For years, political campaigns have made millions of automatic, pre-recorded calls to the home phones of America, imploring people to vote this way or that.
Now, with the campaign for president and Senate topping a full Nov. 5 ballot, those calls are starting to ring up cellphones, too.
Here's the bad news if you're burning with frustration over the cellular minutes you just lost listening to a political pitch: The calls aren't going to stop.
Go ahead and sign up on the Do Not Call Registry, but
it won't help. Cellphones are the new frontier for political "robo-calling," and politicians work the system to make as many of these cheap and easy contacts as they like.
Sadly, for owners of smart phone, most aren't smart enough to block the calls.
"Nothing is going to prevent a candidate from calling your number, even if that happens to be a cell number," said Shaun Dakin, a Washington-based privacy advocate and founder of the National Political Do Not Contact Registry.
A number of politicians have used Dakin's list to avoid annoying voters, Dakin said.
Not one of them is in Florida.
Last week, the CTIA cellular industry group complained to federal regulators about politicians buzzing cellphones.
"Some consumers have reported receiving unwanted text messages in the middle of the night, between the hours of 11 p.m. and 5 a.m.," the CTIA wrote in a letter to regulators, asking them to warn campaigns about the rules.
at the Federal Communications Commission to address the practice, but there are complicated reasons that give the upper hand to those campaigning for office.
First, one-third of Americans have dropped their home phone line and only use a cellphone. That means their cell number is the only one to give places such as charities or other nonprofits that may share numbers with political candidates.
Florida's voter registration forms have a line asking people to write in their phone numbers — cellular or not. It's optional, but that information automatically becomes public and available to political parties.
If you ever volunteer for a political campaign, fill out an online donation form or provide information on a sheet at a rally, you probably included your cell number and you probably created what's called a "pre-existing relationship."
This allows campaigns to make as many calls to you as they wish.
There are some rules to protect you, Dakin said, but most campaigns don't bother learning them.
"Ninety-nine percent of campaigns are not sophisticated," he said.
Perhaps presidential campaigns will sift their databases to discern home phone from cellphone numbers. But most don't.
"They buy a list of numbers from someone or give a check to a political consultant, and they just spray them all."
The campaigns for Barack Obama, Newt Gingrich and Mitt Romney didn't return messages asking about their phone-bank procedures.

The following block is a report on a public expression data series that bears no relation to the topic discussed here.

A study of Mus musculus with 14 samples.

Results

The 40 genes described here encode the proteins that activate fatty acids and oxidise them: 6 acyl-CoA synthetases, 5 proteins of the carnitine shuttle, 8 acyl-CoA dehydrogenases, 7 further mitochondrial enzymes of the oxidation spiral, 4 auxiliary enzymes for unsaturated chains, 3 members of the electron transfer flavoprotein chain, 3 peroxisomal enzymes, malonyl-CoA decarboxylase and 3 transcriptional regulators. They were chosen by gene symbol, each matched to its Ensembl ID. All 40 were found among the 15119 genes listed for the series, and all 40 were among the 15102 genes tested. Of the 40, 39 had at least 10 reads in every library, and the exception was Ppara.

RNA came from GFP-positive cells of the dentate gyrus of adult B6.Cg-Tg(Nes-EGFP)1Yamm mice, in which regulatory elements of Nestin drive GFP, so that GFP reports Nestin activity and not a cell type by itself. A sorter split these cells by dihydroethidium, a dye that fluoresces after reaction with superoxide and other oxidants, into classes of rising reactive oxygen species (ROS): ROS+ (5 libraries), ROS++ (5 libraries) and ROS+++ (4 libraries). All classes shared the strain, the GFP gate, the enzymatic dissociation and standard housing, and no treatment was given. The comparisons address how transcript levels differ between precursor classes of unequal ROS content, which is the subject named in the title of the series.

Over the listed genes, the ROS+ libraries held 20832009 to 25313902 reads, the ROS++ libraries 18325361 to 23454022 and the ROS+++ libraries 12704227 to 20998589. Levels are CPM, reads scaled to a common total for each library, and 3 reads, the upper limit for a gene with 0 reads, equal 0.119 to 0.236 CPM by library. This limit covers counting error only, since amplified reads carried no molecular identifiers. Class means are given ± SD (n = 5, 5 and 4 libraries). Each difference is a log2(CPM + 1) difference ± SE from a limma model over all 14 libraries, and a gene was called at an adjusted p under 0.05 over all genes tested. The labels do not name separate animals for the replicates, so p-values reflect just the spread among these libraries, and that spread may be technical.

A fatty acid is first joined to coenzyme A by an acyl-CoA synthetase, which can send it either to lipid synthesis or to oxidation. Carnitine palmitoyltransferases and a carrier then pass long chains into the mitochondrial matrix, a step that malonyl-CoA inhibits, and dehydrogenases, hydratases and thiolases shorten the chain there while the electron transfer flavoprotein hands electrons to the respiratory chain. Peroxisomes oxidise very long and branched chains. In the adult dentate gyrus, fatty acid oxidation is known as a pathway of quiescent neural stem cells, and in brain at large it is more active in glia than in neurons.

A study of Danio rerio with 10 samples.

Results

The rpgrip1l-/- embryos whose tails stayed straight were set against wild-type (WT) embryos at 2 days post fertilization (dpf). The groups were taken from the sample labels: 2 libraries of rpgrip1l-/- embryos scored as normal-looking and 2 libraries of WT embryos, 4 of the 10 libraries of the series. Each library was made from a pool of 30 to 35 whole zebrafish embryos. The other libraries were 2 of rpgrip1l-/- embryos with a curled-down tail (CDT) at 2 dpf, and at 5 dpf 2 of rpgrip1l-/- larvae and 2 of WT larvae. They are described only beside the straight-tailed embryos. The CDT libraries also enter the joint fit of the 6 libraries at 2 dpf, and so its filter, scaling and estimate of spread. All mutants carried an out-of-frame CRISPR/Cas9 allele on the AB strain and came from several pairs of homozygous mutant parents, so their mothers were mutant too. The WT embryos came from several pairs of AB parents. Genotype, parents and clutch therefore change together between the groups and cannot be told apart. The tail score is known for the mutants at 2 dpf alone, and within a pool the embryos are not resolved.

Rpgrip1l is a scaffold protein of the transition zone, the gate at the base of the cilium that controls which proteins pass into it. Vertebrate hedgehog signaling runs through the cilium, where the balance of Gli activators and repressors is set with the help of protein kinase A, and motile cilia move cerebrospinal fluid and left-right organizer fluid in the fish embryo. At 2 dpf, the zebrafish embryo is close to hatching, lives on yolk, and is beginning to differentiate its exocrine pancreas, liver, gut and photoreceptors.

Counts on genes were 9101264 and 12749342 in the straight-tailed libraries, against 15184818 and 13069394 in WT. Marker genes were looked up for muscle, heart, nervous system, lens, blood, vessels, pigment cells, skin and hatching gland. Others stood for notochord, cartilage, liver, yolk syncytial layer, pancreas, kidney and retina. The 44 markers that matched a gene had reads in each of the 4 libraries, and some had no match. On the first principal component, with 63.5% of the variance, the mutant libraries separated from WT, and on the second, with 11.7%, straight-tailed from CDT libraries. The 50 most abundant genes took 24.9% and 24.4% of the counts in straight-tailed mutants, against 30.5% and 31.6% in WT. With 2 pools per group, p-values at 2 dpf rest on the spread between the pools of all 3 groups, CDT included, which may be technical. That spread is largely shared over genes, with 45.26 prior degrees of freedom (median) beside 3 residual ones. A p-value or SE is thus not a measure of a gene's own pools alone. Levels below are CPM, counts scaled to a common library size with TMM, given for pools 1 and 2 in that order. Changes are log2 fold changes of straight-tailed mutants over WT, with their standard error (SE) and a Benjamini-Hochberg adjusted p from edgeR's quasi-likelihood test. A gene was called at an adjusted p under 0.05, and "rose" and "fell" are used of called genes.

Another loophole that lets politicians call cellphones or send repeated text messages is the "auto-dial" caveat.
Theoretically, federal rules require the pre-existing relationship before a computer can automatically dial a cellphone number — say, your credit card company warning of a problem with your account.
But modern campaigns have ways around this rule.
Democrat and Republican campaigns can enlist volunteers to make calls. The volunteer simply signs up online and the campaign provides a list of phone numbers or even makes the connection between the caller and the recipient.
In the eyes of the law, it's just one person calling another person.
Do Not Call Registry? The system was established for home phone lines to give people a way to opt out of unsolicited sales calls to their home. Even here, though, politicians have caveats to exploit.
The biggest is this: Nonprofit groups, survey companies and political campaigns are exempt from the registry. And a campaign may have no way to determine that the number they're dialing is a cellphone.
Even you were a motivated citizen wishing to file a complaint, you would need to identify who made the call: a candidate, a political action committee, a SuperPAC, a nonprofit.
Modern caller-ID blocking can make this impossible because the cellphone screen may appear blank or display "Unavailable."
Because campaigns and elections have a short lifespan, the potential for discovery and fine is little deterrent. By the time a penalty is imposed, Election Day may have come and gone.
To hold offenders accountable, the CTIA is asking federal regulators to formally give notice to campaigns that they must follow the rules with calling or texting cellphones.
BLOCKING CALLS FROM POLS
How can you fight back against political calls to your cell phone? Some steps to try:
iPhones have no easy way to block incoming calls. There are apps in the iTunes store such as TrapCall, though the few reviews online are not complimentary.
If you're willing to "jailbreak" the phone and void the warranty, Christopher Breen of Macworld notes iBlacklist for $12 can block a list of numbers, approve "white lists" of callers, or block unknown calls during specific times, like at night.
Droid-based phones have more options. Extreme Call Blocker for $5.99, BlackList Pro for $2.99 and both Call Block and PrivacyStar are free.
BlackBerry owners can use PrivacyStar for free, Privacy Manager for $7.99 and Call Blocker for $4.99.
AT&T customers can try to use AT&T's parental controls to block up to 30 phone numbers for $5 per month, though customers need to know phone numbers to block.
Verizon officials suggest a novel approach: Buy a ring-back tone. Normally, ring-backs cost about a dollar and play music for the caller instead of "ring, ring, ring."
A computer making robo-calls is waiting to hear a human voice say, "Hello," said Verizon spokesman Chuck Hamby.
"But if the computer hears music, it's likely to just hang up," he said.